It's not a sentiment you'll see on an inspirational poster anytime soon: When facing a problem, sheer persistence is not enough. At least, not if you're a hyena. Presented with a latched box holding a hunk of meat, wild hyenas tried hard to extract the food. Their success depended on their fearlessness and the number of different strategies they tried, but not on hard work.
Spotted hyenas (Crocuta crocuta) are hardy and adaptable animals. They're resourceful hunters, taking down prey alone or in groups, and they navigate complex social situations among their clans. They're the most common large carnivore in sub-Saharan Africa. To study the animals' problem-solving skills, Michigan State University graduate student Sarah Benson-Amram challenged a wild population of spotted hyenas with a meat-filled puzzle.
For a year, Benson-Amram drove through Kenya's Masai Mara National Reserve administering pop quizzes to hyenas. Whenever she spotted a subject, she stopped the car and deposited a box made of steel bars on the ground. Then she pulled away, parked, and watched what happened. Hyenas that approached the box could see (and smell) a tantalizing, two-kilogram piece of raw meat inside. The box had handles on the sides that let hyenas drag it or flip it over. But the key was to find a bolt that slid sideways, releasing a swinging door and letting the hyena at the prize.
Sixty-two hyenas participated ("volunteered" would be overstating it) in the study. The individuals could be told apart by their spot patterns and other distinctive features. Some only took the test once, while others that crossed Benson-Amram's path more often ended up becoming repeat subjects.
Hyenas were scored on how long they waited to approach the box, how long they spent trying to open it, and how many different behaviors they tried—including investigating, biting, digging, flipping the box over, and pushing or pulling it. They were also scored, of course, on whether they ever got the darn thing open.
The hyenas didn't fare very well. Only 9 individuals, a little under 15 percent of the total, ever succeeded in getting the meat. (Was the task too difficult? "We have an adult female hyena in our study area that can open refrigerators," Benson-Amram says, so she knew at least some hyenas could manage simple doors and latches. "But it turned out this was not a skill that most of them have.")
The hyenas that aced the test weren't more likely to be young or old, female or male, or of a certain social status. But they did differ from flunking hyenas in factors that might be called personality traits.
According to a paper published last week in Proceedings of the Royal Society B, two traits helped hyenas solve the puzzle. The first was not being afraid of new things. Benson-Amram scored the animals' "neophobia" based on how long they spent near the box before they touched it. Hyenas that were more fearful were less likely to get the box open in the end.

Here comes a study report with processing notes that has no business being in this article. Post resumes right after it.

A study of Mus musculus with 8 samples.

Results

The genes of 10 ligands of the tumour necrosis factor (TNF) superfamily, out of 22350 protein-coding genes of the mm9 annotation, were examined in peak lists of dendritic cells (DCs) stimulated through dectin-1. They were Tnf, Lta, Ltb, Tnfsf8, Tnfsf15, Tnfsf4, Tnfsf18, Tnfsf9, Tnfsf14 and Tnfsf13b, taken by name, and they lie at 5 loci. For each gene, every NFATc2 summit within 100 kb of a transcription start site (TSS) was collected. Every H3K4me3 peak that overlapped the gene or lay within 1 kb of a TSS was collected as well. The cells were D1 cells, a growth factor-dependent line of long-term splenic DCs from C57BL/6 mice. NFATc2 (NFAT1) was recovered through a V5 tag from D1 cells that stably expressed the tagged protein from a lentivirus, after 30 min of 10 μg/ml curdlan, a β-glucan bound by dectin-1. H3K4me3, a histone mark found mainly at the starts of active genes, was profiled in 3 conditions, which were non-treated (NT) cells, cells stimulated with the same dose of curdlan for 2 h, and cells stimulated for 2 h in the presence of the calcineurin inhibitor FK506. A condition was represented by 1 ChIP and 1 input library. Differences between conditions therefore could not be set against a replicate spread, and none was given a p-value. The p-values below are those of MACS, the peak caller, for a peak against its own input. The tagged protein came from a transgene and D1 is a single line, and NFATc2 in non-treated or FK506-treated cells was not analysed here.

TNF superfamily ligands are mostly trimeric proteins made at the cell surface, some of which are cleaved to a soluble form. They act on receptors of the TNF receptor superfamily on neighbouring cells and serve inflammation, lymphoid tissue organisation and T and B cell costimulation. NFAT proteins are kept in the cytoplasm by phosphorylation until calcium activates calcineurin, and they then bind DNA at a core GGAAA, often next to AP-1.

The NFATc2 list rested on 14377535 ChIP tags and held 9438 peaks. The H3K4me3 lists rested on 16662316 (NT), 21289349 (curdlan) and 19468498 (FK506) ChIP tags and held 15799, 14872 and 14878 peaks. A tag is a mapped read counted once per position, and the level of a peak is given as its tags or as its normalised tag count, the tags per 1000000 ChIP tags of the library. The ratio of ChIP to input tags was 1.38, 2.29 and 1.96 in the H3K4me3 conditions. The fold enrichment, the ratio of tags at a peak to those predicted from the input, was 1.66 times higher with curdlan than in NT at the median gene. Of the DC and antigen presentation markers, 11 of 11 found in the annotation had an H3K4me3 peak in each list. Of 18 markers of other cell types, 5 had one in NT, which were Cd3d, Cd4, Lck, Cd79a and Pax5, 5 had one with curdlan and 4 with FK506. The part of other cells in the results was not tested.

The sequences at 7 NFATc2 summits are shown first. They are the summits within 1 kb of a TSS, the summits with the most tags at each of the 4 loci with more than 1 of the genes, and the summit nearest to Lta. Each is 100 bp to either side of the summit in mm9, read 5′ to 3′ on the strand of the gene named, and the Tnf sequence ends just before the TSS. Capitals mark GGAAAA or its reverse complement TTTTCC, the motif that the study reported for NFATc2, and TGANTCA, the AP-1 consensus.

The second factor that helped them open the box was how many different behaviors they tried. Hyenas that had more ideas about approaching the puzzle—biting the latch, turning the box over, pushing it with their paws—were more likely to find the solution.
Persistence didn't hurt. Animals that gave up quickly didn't succeed. But animals that spent more time working on the box didn't do significantly better. Even though hyenas that failed the test spent an average of almost four and a half minutes trying to open the box the first time they saw it, if they didn't have enough ideas about approaching the puzzle, they wouldn't get the meat.
Benson-Amram says that in the field of animal behavior, "personality" describes how an animal behaves across a range of situations. Since she only tested hyenas in one situation, she can't speak to their personalities in general. Still, boldness and creativity clearly helped hyenas open the puzzle box. "On this task, that personality trait was helpful," Benson-Amram says.
Innovative thinking and fearlessness, the keys to solving the puzzle, showed up more often in young hyenas. Juveniles didn't outdo adults in getting the meat out of the box, maybe because the heavy puzzle was harder for them to maneuver. But in different circumstances, younger hyenas might have been the best problem solvers.
"Hyenas constantly have to innovate solutions to new problems in order to deal with the highly varied challenges in their environment," Benson-Amram says. "They take down zebras that could kill them with a strong kick and they compete with lions for resources." Trying a variety of approaches when they face a new challenge might help hyenas survive, just as it helped some of them pass her test.
The same tactic might help humans find solutions too. In studies of human infants, Benson-Amram notes, researchers have found that babies who use a wider range of behaviors when facing a new problem are more likely to solve it. Creative thinking might be the trait that lets humans adapt to our own landscape and confront the problems that, like the steel box, appear inexplicably in our paths.
Benson-Amram S, & Holekamp KE (2012). Innovative problem solving by wild spotted hyenas. Proceedings. Biological sciences / The Royal Society PMID: 22874748
Image: Still frame from a video of a hyena opening the puzzle box, from Sarah Benson-Amram and Kay E. Holekamp.